True to their alleged word, the U.S. Department of Justice filed a lawsuit against Apple and five book publishers “for conspiring to increase the prices that consumers pay for e-books.” Three of the publishers, Hachette, HarperCollins and Simon & Schuster, have already agreed to a proposed settlement, which I imagine puts some nasty writing on the wall for the other two hold-outs (Macmillan and Penguin). But how does Apple fit into all this? Earlier today at the E-books Press Conference, where the lawsuit was announced, Attorney General Eric Holder attempted to set the stage:
Beginning in the summer of 2009, we allege that executives at the highest levels of the companies included in today’s lawsuit – concerned that e-book sellers had reduced prices – worked together to eliminate competition among stores selling e-books, ultimately increasing prices for consumers. As a result of this alleged conspiracy, we believe that consumers paid millions of dollars more for some of the most popular titles.
During regular, near-quarterly meetings, we allege that publishing company executives discussed confidential business and competitive matters – including Amazon’s e-book retailing practices – as part of a conspiracy to raise, fix, and stabilize retail prices. In addition, we allege that these publishers agreed to impose a new model which would enable them to seize pricing authority from bookstores; that they entered into agreements to pay Apple a 30 percent commission on books sold through its iBookstore; and that they promised – through contracts including most-favored-nation provisions – that no other e-book retailer would set a lower price. Our investigation even revealed that one CEO allegedly went so far as to encourage an e-book retailer to punish another publisher for not engaging in these illegal practices.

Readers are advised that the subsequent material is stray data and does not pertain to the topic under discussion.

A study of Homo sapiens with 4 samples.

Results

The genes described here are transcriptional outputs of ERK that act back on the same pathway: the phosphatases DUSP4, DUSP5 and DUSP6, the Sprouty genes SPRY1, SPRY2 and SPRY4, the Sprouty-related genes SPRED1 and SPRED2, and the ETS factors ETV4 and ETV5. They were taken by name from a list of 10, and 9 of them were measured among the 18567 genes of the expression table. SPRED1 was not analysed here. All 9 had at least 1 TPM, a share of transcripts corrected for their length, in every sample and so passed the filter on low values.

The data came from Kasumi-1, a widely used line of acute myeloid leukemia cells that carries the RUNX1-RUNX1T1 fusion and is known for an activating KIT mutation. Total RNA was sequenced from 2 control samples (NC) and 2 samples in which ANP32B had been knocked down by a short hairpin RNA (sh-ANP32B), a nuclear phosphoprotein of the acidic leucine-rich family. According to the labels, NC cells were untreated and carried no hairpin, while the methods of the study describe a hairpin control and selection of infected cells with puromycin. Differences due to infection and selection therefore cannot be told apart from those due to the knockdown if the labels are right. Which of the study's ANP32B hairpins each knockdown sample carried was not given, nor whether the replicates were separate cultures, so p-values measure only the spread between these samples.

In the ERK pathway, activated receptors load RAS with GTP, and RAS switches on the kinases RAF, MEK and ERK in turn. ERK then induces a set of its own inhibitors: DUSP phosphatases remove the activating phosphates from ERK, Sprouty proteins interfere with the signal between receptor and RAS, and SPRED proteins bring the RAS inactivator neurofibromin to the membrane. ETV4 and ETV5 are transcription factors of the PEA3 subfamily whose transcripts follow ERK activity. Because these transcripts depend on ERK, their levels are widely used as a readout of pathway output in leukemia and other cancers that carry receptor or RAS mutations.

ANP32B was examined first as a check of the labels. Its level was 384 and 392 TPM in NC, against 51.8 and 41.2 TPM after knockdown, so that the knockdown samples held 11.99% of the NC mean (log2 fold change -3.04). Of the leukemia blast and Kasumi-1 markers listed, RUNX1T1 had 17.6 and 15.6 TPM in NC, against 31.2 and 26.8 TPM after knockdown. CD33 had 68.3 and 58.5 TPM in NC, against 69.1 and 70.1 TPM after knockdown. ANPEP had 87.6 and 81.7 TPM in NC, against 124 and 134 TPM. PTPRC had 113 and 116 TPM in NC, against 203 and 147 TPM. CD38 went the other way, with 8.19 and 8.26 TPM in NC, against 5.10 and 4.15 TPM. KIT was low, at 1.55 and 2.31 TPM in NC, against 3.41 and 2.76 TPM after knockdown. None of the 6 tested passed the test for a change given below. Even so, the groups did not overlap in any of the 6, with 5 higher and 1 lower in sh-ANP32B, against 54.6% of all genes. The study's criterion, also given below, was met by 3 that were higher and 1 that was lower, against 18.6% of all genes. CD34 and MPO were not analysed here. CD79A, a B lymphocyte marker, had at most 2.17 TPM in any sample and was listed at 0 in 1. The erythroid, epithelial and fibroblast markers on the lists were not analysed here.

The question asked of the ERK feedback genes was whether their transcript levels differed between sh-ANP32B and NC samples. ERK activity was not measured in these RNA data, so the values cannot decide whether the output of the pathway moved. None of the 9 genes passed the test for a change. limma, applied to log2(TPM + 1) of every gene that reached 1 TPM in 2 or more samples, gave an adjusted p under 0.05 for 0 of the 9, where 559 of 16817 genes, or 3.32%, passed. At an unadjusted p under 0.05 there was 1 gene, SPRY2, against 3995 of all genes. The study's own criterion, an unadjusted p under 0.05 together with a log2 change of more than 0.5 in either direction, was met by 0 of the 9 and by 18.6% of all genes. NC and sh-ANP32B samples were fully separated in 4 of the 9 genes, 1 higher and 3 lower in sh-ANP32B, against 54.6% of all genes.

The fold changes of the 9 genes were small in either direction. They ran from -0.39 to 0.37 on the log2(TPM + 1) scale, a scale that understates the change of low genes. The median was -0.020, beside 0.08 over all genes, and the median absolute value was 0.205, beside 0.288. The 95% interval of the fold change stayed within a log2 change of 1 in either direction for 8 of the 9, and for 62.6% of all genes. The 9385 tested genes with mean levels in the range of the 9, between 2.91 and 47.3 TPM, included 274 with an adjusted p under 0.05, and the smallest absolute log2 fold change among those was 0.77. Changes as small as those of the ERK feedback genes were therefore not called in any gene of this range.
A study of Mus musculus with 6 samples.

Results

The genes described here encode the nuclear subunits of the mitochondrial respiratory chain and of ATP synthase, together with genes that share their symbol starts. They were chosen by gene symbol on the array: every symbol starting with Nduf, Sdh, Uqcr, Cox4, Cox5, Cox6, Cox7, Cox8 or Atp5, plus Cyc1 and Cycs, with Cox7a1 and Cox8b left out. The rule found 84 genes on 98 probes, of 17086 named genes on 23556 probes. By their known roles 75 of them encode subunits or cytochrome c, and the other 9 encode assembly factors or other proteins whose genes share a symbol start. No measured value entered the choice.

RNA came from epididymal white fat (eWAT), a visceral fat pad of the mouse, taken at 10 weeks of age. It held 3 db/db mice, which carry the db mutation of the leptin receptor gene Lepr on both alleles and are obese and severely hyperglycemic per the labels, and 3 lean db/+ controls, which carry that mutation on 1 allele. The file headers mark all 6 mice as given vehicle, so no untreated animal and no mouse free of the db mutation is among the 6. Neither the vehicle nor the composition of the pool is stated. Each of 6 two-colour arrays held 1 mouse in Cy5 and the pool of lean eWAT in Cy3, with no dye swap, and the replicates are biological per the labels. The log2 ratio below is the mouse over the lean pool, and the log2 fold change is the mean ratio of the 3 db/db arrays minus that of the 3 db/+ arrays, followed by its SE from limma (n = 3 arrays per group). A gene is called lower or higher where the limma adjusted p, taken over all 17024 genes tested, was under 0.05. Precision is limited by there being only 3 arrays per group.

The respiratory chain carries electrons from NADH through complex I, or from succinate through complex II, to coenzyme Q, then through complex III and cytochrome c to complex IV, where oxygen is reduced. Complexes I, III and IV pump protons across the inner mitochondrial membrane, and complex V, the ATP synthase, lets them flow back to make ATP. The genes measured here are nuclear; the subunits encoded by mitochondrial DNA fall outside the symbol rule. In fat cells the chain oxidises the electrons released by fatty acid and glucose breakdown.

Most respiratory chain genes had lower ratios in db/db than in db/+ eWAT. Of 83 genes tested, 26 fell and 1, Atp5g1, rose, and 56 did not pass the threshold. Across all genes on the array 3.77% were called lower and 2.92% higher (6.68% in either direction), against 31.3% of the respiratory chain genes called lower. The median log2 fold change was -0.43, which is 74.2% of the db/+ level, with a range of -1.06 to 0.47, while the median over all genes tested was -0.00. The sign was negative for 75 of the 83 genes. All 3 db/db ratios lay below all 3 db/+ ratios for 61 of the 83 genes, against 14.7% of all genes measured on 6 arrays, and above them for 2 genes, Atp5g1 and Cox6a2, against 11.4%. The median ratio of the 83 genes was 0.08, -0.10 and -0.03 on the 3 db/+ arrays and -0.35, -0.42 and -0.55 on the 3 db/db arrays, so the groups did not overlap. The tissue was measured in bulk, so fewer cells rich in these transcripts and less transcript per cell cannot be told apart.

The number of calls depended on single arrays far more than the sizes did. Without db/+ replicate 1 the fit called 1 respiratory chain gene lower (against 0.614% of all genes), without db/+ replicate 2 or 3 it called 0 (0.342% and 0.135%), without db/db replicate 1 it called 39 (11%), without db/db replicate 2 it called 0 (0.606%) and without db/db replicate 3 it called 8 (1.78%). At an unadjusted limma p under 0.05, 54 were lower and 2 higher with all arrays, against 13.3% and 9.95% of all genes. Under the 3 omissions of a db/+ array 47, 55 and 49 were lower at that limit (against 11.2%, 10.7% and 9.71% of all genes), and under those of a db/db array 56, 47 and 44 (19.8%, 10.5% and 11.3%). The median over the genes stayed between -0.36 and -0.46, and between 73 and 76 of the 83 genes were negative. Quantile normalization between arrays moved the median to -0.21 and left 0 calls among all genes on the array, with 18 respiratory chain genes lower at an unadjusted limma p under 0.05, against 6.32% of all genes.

So publishers allegedly met regularly with the intent of fixing e-book prices. Whatever figure the publishers allegedly agreed to, Apple would receive a 30% “commission” to host the content in its iBookstore. Coincidently, this same 30% is what Apple charges developers to host apps in its App Store. And what Apple takes for facilitating in-app purchases. It’s not a “commission”; it’s the cost for Apple to host, market and facilitate the monetary transactions for e-book content provided by publishers. Whatever price is set, however it is set, Apple gets 30%. How does this make them a party to price-fixing again?
It stands to reason that the three stooges that buckled under the DoJ will force the other two publishers to settle as well. But Apple? Notsomuch. You may have heard that Apple is a company that doesn’t mind digging its heels in when it feels like its being slighted. I think being painted as a price-fixer would fall pretty neatly into that category. 1997 Apple might be content to take it in the shorts from the government; 2012 Apple will feel no such compunction. I hope Mr. Holder has clean laundry in his drawers and has stockpiled ample foodstuff, cuz there’s a siege a comin’.